In case the cover doesn't spell it out for you, Mary Roach's writing tends to the irreverent. I'd read one of her previous books (Stiff: The Curious Life of Human Cadavers) and so I had a pretty good idea of what to expect with this one: lots of biology, quirky research and some gross-out factors. I picked up this one to read on vacation a couple of months ago, and while it is not the kind of book that I can read straight through--I need a true narrative for that--I loved reading this one a few chapters at a time and feeling both enlightened and entertained simultaneously.
Roach (and one feels that growing up with this surname certainly was instrumental in developing the author's sense of humor) introduces the reader chapter by chapter to the entire digestive tract of the human body, soup to nuts, as it were, beginning with the relationship between scent and flavor/taste and ending with the excreta, with diverting stops in between for saliva, the art of chewing, and stomach acid, among other things. Her style is to jump right in and get involved with her research, whether that means sampling the muktuk (uncooked narwhal skin) offered by her Inuit hosts ("exquisite") or bearing the moderate discomfort involved in viewing her own appendix or ileocecal valve through modern surgical techniques.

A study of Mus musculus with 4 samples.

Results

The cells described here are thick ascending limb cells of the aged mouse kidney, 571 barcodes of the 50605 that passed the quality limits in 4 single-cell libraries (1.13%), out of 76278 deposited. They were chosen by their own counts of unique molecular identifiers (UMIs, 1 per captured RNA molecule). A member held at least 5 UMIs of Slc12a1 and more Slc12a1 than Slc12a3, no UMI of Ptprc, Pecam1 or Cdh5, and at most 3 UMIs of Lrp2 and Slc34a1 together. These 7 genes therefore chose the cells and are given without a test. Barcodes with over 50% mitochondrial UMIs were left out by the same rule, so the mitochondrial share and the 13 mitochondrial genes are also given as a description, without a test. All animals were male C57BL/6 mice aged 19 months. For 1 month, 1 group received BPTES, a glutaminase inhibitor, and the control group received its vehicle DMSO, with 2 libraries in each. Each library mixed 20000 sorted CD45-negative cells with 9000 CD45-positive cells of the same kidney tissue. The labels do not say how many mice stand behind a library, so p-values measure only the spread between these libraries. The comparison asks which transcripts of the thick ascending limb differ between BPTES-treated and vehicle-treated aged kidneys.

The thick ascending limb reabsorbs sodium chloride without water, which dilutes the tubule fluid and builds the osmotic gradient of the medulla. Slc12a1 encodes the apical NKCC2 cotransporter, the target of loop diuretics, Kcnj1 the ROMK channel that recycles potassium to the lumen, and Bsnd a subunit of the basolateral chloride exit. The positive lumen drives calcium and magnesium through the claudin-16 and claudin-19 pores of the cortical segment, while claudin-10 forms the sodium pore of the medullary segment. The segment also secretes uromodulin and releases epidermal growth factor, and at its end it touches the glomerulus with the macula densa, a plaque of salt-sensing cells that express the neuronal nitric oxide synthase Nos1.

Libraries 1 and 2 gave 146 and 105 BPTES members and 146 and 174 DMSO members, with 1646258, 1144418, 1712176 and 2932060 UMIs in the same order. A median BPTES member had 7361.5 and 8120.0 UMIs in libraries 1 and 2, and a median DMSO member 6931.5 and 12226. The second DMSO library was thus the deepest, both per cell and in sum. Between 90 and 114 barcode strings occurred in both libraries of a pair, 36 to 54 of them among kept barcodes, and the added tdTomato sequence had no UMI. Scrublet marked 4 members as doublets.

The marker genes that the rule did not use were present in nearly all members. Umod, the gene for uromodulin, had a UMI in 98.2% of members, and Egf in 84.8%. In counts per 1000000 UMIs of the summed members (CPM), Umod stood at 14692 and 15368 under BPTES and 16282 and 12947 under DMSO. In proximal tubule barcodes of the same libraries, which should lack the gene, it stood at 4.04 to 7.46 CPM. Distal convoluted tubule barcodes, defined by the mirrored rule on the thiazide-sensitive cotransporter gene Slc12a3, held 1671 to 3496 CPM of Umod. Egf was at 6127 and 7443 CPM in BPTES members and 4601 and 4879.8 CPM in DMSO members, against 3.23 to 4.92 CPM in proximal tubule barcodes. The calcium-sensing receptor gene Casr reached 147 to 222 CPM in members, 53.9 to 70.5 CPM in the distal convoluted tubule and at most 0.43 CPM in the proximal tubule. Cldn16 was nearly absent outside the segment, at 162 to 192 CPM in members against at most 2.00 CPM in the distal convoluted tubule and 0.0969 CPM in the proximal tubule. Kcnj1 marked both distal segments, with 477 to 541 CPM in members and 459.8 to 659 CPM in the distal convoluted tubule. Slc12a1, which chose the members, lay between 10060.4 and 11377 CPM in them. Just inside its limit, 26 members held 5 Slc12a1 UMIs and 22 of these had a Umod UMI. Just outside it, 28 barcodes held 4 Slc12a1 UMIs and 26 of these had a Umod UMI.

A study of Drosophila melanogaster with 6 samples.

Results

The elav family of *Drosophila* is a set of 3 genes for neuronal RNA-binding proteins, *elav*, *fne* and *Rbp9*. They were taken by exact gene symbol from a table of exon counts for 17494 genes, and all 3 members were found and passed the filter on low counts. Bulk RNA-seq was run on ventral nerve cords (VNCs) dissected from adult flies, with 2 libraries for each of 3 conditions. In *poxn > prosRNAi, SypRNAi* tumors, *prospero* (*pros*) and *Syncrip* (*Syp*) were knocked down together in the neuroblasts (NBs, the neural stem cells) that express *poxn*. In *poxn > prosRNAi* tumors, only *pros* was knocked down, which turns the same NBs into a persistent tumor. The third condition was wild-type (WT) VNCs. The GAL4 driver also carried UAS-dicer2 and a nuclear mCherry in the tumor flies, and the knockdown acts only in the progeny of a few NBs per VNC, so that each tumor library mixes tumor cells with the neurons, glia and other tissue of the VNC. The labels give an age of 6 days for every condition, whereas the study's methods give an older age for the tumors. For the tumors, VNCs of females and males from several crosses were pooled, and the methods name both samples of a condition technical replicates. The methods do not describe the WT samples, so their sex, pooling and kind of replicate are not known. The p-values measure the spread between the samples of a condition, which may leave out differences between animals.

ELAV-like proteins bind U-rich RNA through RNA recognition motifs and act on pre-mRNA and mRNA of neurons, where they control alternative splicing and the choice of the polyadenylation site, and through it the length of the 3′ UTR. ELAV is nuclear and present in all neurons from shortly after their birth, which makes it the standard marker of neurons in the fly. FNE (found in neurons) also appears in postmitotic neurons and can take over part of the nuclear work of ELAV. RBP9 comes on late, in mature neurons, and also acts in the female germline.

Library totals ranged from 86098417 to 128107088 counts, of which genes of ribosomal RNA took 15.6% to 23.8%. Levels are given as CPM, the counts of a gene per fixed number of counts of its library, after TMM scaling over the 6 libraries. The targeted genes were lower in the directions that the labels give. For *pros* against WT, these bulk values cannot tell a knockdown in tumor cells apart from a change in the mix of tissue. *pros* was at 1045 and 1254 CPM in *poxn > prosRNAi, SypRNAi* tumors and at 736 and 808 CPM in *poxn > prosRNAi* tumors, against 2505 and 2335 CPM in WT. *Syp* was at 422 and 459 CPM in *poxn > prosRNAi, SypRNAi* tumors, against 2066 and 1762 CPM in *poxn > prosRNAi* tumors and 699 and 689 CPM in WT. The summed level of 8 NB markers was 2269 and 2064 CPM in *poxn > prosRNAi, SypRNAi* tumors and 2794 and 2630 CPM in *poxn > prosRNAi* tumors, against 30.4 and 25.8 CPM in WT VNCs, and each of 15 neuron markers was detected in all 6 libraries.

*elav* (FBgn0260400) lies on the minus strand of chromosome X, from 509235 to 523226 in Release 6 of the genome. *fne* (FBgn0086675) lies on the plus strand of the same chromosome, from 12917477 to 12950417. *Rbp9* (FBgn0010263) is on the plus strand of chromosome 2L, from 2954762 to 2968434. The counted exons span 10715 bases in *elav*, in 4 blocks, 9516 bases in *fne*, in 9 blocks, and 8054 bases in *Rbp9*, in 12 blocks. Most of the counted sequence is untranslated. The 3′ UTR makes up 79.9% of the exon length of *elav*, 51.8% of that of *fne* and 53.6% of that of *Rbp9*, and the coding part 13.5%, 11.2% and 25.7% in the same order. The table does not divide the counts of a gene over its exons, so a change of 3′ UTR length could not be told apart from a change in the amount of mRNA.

Here's one sample of her trademark humor that doesn't involve any ick-factors: "Animals' taste systems are specialized for the niche they occupy in the environment...This includes the animal known as us. As hunters and foragers of the dry savannah, our earliest forebears evolved a taste for important but scarce nutrients: salt and high-energy fats and sugars. On the African veldt, unlike at the American food court, fats, sugar, and salt were not easy to come by. That, in a nutshell, explains the widespread popularity of junk food. And wide spreads in general."
This book is many things, but foremost it is fascinating, and that more than makes up for the occasionally off-putting sections that I don't recommend reading within an hour of eating. Roach concludes, almost poetically, "Most of us pass our whole lives never once laying eyes on our organs, the most precious and amazing things we own. Until something goes wrong, we barely give them a thought. This seems strange to me. How is that we find Christina Aguilera more interesting than the inside of our own bodies? It is, of course, possible that I seem strange. You may be thinking, Wow, that Mary Roach has her head up her ass. To which I say: Only briefly, and with the utmost respect."
NB: I read an advance readers copy of this book provide to me at my request from my sales rep. This book is published by W. W. Norton.